On March 1, the Church celebrates the feast of Saint David of Wales, the patron of the Welsh people and one of the most prominent British saints. He is commemorated as a sixth century missionary bishop and the founder of numerous monasteries, including his main abbey in southwestern Wales.
David was a popular namesake for churches in Wales prior to the Anglican schism. More than fifty churches in Wales were named after him. His feast day continues to be an important religious and civic observance today.
Although Pope Benedict XVI did not visit Wales during his 2010 trip to the U.K., he blessed a mosaic icon of its patron, and praised St. David as “one of the great saints of the sixth century, that golden age of saints and missionaries in these isles, and...thus a founder of the Christian culture which lies at the root of modern Europe.”
Little is known of David’s life. However, we do know that he was born to Sant, a prince of Cardigan, and St. Non, the daughter of a chieftain in around 500 AD. Saint Non, is honored on her feast day, March 3.
David served as the Bishop of Menevia, an important port city linking Wales and Ireland in his time. His leading role in two local councils of the Church is also a matter of record.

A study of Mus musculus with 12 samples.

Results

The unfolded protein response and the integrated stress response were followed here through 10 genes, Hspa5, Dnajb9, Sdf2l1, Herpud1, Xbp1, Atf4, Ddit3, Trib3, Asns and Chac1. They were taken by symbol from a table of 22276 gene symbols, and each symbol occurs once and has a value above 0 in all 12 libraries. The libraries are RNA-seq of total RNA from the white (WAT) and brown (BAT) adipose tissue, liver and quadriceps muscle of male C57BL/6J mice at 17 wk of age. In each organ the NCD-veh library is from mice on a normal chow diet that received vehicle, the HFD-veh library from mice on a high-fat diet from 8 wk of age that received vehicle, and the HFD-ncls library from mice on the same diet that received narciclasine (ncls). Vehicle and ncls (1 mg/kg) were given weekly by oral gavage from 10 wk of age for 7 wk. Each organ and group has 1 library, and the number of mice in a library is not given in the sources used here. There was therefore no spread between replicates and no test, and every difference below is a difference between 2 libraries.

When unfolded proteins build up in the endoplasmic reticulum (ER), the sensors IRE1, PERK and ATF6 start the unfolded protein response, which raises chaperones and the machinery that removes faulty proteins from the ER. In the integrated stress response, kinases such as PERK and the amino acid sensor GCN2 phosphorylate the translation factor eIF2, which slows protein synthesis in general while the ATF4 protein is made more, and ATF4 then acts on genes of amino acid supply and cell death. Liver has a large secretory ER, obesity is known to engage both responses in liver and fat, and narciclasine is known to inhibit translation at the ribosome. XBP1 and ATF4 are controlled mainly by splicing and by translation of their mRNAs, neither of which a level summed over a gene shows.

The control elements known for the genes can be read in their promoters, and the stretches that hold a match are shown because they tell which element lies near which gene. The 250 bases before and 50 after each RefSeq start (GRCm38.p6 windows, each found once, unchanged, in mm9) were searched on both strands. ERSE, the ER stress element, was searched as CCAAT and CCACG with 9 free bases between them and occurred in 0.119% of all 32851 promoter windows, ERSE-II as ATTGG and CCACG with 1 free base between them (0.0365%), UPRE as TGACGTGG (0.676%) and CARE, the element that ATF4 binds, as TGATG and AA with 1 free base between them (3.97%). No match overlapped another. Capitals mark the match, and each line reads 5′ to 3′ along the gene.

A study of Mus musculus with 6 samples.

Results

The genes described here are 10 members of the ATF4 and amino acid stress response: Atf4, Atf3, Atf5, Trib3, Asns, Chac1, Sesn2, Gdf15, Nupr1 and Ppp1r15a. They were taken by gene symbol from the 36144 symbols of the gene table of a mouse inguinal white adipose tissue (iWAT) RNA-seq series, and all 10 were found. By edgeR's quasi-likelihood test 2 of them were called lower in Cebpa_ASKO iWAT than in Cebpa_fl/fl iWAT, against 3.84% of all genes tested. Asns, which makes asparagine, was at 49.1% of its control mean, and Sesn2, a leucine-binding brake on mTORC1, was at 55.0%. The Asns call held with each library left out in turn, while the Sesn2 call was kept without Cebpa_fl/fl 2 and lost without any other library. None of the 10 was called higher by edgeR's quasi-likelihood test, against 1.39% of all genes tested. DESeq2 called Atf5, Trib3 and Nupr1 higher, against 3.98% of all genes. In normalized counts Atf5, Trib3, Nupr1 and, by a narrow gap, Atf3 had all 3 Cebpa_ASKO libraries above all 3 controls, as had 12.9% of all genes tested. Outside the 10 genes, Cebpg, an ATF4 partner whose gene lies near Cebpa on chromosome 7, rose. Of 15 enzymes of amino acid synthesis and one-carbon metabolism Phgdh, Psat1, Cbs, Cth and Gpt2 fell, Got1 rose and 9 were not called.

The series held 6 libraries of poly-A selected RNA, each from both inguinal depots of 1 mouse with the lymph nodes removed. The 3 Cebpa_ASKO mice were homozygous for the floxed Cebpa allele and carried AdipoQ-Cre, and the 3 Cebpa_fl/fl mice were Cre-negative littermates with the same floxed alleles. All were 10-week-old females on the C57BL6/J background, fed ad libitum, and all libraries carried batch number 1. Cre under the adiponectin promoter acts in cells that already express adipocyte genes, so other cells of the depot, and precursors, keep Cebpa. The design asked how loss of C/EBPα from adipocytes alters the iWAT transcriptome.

David founded twelve monasteries and developed a reputation for strict asceticism. His monks modeled their lives after the earliest desert hermits – combining hard manual labor, silence, long hours of prayer, and a diet that completely excluded meat and alcohol. They diet consisted primarily of bread, vegetables, and water.
One tradition places his death in the year 601, but other writers believe he died in the 540s. David may well have survived to an advanced age, but evidence is lacking for the claim (made by his 11th-century biographer) that he lived to the age of 147. His dying words to his monks were: "Be joyful, brothers and sisters. Keep your faith, and do the little things that you have seen and heard with me."
Pope Callistus II canonized St. David of Wales in 1120. His remains were buried in St David's Cathedral in Pembrokeshire, which became a popular place of pilgrimage following his canonization. In addition to being the patron saint of Wales, St. David is also the patron saint of poets.
St. David is often pictured with a dove on his shoulder. It is said that once while he was preaching a dove descended to his shoulder and the earth rose to lift him high above the people so that he could be heard.